Keep Your Eulogy Brief
This is not the time to write the great American novel, so keep telling yourself that “less is more.” The truth is that the longer you speak, the more likely you will ramble and make listeners feel awkward, bored, or uncomfortable. Instead, you should create a eulogy that you can deliver in around five minutes. If possible, ask the funeral director, clergy member, celebrant, or other officiants beforehand how much time you will have during the service, but five minutes is a good rule of thumb.
To help keep your remembrance speech brief, you should focus your eulogy on a specific quality or two about the deceased that you admire, or share a story about the deceased that expresses a significant personality trait or formative moment in his or her life. Ideally, try to relate something that you witnessed firsthand or that personally involved you, but if you’re having trouble thinking of something, then it’s okay to ask a close loved one for some ideas.
By limiting the scope of your remarks in this way, you should find it easier to write your eulogy. A eulogy outline can also help. In addition, you will more likely give your listeners some meaningful insight into the deceased that they will cherish, rather than fill them with the desire to glance at their watches or stifle their yawns.
Keep Your Eulogy Personal
Listeners will not find your eulogy moving if you merely recite a list of dry facts, such as those found in most obituaries. And avoid simply rattling off a long list of character traits, such as “Uncle Ben loved hunting, motorcycles, the Green Bay Packers, woodworking, etc.” This approach will prove about as interesting as listening to someone read a grocery list out loud.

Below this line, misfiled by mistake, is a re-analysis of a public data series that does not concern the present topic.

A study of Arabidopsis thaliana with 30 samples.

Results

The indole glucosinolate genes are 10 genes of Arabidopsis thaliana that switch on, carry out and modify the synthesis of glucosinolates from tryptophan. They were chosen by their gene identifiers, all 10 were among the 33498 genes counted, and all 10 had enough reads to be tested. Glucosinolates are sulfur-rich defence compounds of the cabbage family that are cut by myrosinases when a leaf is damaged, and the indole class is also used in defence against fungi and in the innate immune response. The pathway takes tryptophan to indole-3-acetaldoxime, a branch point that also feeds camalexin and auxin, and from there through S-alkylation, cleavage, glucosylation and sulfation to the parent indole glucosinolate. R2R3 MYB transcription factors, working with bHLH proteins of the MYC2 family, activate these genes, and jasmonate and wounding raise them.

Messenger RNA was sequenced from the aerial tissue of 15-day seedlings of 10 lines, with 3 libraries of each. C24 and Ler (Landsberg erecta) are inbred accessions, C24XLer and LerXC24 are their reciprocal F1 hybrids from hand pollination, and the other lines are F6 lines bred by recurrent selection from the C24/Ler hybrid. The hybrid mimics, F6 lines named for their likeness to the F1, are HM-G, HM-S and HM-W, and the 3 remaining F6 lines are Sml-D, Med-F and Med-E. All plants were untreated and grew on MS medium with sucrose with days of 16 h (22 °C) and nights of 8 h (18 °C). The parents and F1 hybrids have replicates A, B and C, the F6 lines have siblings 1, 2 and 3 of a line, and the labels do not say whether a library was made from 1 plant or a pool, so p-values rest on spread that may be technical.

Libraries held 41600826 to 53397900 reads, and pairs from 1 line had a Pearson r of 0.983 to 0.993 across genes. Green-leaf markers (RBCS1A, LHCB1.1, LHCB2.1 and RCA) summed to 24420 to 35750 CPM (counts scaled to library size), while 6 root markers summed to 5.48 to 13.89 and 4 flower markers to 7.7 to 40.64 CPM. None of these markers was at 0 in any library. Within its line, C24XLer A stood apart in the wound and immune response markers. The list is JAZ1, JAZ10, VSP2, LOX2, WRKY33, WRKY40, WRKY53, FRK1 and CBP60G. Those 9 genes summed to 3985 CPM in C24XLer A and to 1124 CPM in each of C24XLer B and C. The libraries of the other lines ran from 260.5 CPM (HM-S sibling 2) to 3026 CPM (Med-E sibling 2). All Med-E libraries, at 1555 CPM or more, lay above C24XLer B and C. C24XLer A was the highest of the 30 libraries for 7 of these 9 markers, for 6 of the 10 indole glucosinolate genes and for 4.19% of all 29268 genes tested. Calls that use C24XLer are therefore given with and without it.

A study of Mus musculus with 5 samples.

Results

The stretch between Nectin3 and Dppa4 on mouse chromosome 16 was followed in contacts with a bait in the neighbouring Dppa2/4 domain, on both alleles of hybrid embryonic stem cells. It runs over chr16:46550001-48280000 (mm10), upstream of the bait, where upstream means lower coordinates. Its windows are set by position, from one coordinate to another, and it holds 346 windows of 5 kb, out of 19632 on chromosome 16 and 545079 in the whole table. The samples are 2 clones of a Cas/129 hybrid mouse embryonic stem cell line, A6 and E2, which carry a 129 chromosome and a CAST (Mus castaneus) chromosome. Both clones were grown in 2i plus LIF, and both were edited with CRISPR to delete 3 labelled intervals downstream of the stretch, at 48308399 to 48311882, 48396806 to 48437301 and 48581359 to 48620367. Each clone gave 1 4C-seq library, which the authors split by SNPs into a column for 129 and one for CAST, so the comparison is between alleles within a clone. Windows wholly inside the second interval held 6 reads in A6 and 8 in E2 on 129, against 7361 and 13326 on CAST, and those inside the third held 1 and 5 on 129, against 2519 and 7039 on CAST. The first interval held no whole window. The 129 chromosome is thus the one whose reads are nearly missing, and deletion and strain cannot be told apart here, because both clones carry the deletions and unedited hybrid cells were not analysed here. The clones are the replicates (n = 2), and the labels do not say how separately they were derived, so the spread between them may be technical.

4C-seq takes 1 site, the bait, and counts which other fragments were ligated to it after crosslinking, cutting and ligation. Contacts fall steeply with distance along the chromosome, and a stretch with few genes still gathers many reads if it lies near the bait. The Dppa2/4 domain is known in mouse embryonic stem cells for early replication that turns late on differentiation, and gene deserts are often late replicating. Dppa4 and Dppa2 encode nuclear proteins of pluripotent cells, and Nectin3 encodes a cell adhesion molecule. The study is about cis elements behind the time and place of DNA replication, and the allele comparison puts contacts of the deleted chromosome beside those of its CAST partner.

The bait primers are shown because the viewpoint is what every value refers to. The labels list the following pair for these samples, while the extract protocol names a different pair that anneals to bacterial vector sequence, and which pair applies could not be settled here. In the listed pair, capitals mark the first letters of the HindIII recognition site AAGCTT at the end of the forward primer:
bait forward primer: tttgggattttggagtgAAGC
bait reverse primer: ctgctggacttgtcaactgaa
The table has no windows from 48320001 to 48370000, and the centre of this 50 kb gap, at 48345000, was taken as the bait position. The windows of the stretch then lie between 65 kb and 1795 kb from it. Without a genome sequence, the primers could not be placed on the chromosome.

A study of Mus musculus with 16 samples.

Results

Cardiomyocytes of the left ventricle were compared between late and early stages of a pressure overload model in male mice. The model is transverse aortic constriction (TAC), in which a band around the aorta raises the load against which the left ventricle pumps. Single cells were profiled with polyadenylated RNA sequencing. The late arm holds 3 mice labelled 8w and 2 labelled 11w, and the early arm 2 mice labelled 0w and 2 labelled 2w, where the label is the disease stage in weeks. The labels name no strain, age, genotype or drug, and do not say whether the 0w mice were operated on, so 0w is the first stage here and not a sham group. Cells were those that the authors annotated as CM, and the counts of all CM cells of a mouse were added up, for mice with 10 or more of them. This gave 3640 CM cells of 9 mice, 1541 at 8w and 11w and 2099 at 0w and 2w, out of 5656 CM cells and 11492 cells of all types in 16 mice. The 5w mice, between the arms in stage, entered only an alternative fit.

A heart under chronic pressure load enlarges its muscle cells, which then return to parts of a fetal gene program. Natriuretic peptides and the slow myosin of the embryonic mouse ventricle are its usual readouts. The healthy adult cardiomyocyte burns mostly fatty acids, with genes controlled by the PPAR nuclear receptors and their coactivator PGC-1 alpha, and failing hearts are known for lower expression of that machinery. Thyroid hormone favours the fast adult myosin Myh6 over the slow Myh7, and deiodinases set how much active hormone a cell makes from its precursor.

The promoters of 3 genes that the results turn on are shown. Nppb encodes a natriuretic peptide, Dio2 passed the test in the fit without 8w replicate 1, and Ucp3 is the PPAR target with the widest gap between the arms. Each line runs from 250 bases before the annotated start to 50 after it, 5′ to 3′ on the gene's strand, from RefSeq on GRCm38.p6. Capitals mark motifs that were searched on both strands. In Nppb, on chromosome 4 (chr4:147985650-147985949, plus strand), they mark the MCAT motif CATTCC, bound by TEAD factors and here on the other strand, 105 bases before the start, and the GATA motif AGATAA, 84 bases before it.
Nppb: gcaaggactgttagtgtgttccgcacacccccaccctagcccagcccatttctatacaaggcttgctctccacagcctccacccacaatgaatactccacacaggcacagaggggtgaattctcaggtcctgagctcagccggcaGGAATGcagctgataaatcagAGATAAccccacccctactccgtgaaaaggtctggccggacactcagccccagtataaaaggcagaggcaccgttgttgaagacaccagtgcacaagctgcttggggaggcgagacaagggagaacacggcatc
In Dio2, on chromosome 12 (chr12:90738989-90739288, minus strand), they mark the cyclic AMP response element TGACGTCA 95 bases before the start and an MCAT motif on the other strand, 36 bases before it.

Instead, share a story that illustrates something your loved one enjoyed—especially if you were also part of that story. For example, imagine that you and “Uncle Ben” once took a road trip on his motorcycle to see the Packers play football. Not only would this convey a deeper sense of his love of motorcycles and the Green Bay Packers, but you would also find it much easier to share other insights that listeners will find meaningful. Again, if you can’t think of a firsthand story to share, then talk to a close family member or friend and borrow one from them.
Keep Your Eulogy Positive
Many movies and T.V. comedies have focused on the main character struggling to write/deliver a eulogy about a person he or she despised, such as an overbearing boss or unfaithful ex-spouse. Assuming you’re not tasked with eulogizing somebody like Ebenezer Scrooge, you shouldn’t have a problem finding enough words to focus on the positive things.
But if you do struggle, then just remember that listeners will not be there to judge you on the thoroughness of your remarks. If the deceased was a difficult person or led a troubled life, then just trust that those in the audience already know that and it’s not your job to break the news to them.
In some cases, you might feel it’s impossible not to reference something negative or unflattering about the deceased, even though you’re trying to focus on the positive. If you find yourself in this situation, then you should resort to a euphemism to help get you past the awkward point in your eulogy and to avoid adding greater pain to those mourning.